November 15, 2018

Slaying Victim's Son Ejected From Courtroom For Outburst

WILKES-BARRE — As he listened to a deputy coroner testify about the injuries his father suffered, Daniel Boote stood toward the back of the courtroom Thursday morning shaking his head.

Fred Boote, 58, died of multiple stab wounds and blunt-force trauma after being attacked during a robbery in his own home on Sept. 14. Testifying at a preliminary hearing Thursday morning, Luzerne County Deputy Coroner Dan Hughes described the bedroom where Boote was discovered as a “gruesome scene” — Boote had stabs wounds to the majority of his upper body, arms and head.

“You’re (expletive) Popi!,” son Daniel Boote, 34, shouted out after hearing the description. “You’re (expletive)! You’re whole family is (expletive)! I’ll kill you!”

Police escorted Daniel Boote from the courtroom but released him without filing charges. The attorney for Reynaldo Mercado — the man accused of murdering Fred Boote — said that she understood the emotion behind the outburst.

“I think it’s expected for family members to be upset,” attorney Allyson Kacmarski said. “I mean, it is a very serious and upsetting matter.”

Prosecutors have painted a picture of a gruesome murder committed by Mercado, 31, as well as a 14-year-old girl whose mother used to date Fred Boote. The charges allege the girl got Fred Boote to let her into his home at 14 Donald Court and then Mercado slipped in behind her, attacking Fred Boote with a lamp while the teen fetched a kitchen knife.

Mercado then plunged the knife into Fred Boote repeatedly before dousing the body in gasoline in an attempt to destroy the evidence, prosecutors say. The pair made off with Fred Boote’s cellphone and about $25 in cash, according to police.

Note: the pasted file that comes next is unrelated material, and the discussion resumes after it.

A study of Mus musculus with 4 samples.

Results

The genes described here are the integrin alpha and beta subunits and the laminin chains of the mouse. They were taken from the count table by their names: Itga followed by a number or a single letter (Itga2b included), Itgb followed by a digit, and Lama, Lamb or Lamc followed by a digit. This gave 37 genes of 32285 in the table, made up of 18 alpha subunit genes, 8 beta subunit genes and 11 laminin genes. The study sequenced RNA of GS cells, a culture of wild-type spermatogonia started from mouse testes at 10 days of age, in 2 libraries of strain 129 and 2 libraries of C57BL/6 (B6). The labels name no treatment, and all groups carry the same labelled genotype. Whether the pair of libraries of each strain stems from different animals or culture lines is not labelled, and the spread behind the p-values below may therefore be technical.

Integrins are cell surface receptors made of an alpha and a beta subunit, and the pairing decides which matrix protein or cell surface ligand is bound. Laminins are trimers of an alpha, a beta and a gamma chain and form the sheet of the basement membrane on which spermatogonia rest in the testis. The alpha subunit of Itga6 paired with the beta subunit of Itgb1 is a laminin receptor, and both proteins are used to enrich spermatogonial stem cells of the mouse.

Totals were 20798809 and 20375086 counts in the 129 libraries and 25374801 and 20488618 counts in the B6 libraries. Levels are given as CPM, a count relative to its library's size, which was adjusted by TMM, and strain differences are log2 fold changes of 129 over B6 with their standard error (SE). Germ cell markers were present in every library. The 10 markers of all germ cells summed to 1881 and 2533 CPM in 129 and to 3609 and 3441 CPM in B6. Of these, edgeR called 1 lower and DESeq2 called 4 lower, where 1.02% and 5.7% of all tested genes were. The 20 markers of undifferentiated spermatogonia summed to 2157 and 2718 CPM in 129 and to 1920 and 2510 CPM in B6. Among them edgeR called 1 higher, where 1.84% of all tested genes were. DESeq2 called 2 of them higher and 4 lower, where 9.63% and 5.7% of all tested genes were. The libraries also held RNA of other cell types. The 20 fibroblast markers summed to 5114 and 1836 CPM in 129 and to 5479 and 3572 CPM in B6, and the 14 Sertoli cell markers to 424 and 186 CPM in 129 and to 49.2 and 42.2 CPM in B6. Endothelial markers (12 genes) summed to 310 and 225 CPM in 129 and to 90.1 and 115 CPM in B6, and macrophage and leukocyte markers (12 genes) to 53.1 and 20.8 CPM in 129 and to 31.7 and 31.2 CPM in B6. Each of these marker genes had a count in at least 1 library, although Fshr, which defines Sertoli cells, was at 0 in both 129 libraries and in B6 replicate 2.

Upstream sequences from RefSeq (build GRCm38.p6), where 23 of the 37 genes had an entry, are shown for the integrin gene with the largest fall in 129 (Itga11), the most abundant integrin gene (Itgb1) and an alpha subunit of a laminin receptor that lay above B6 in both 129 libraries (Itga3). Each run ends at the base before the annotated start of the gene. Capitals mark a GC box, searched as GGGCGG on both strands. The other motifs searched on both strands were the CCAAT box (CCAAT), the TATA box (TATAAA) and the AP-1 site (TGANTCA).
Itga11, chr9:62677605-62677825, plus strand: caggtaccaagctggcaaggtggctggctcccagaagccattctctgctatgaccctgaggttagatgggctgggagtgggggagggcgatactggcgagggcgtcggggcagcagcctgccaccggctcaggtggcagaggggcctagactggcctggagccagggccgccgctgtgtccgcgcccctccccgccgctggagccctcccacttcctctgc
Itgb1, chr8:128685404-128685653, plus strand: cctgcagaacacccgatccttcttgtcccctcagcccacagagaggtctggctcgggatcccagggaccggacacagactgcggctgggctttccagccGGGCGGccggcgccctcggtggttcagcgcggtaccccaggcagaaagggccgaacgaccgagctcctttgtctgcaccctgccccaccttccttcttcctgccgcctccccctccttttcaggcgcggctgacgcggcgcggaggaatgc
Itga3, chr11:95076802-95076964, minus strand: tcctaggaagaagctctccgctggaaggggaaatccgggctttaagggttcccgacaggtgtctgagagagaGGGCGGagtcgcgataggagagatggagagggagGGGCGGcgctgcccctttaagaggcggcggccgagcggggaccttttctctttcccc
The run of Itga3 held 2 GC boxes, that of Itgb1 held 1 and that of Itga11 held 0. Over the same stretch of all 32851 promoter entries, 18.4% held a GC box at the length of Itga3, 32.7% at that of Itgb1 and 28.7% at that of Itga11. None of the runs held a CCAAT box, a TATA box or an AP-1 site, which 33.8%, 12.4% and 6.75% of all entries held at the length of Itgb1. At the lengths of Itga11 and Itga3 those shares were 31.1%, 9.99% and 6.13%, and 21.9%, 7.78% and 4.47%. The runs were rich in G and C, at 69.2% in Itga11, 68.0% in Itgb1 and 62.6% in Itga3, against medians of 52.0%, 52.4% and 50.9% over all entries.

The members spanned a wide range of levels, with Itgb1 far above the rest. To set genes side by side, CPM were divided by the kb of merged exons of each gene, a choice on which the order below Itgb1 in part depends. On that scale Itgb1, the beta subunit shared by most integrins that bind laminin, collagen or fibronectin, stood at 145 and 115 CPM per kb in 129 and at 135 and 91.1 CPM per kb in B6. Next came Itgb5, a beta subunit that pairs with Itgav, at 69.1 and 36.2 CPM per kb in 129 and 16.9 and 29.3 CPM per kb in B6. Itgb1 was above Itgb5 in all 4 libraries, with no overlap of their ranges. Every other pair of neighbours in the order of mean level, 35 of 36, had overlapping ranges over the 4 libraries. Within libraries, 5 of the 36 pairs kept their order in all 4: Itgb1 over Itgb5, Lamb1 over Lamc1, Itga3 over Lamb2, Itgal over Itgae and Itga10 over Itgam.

“Mr. Boote was a victim of a ruthless, brutal murder, and we remain committed to securing justice for the family and holding those responsible accountable for his death,” Assistant District Attorney Tony Ross said.

The key evidence against both defendants is statements police say they made admitting to the planned robbery and murder.

Police say Mercado admitted bashing Fred Boote over the head with a lamp and then stabbing him with a knife the girl gave him from the kitchen. The girl, however, maintained she only got the knife because she wanted to stop Mercado from beating Boote, police say.

Prosecutors charged the girl with second-degree murder, an offense that alleges she participated in committing a felony crime that led to Boote’s death. She is also charged with burglary, arson, theft and several counts of criminal conspiracy.

Although she is charged as an adult, The Citizens’ Voice is not naming her because of her age.

After appearing in court Thursday, the girl waived her right to a preliminary hearing, allowing all charges to move forward to county court for prosecution.

Her mother, Carmen Cardy, declined to speak at length as she left court.

“She is a very good kid,” Cardy said.

During Mercado’s hearing, Kacmarski argued against the prosecution’s case, claiming there was insufficient evidence of his guilt. She also challenged Mercado being charged with interfering with the custody of a child, saying Cardy never contacted the police to report she had left with Mercado, with whom the family was living after being kicked out of Boote’s home last summer.

“There was never any concern that these two individuals had left the house,” Kacmarski said.

Ross countered that Mercado’s own statement established the case against him. He also noted that Cardy did express concern about the teen after she was contacted by police, who then issued an alert to find her.

She and Mercado were found on Sept. 15 at Mercado’s uncle’s home in West New York, New Jersey.

Magisterial District Judge Rick Cronauer ruled that Mercado will stand trial on all charges. Mercado was remanded to the Luzerne County Correctional Facility, where he will be held without bail as he awaits trial.

He declined to comment as police escorted him out of court.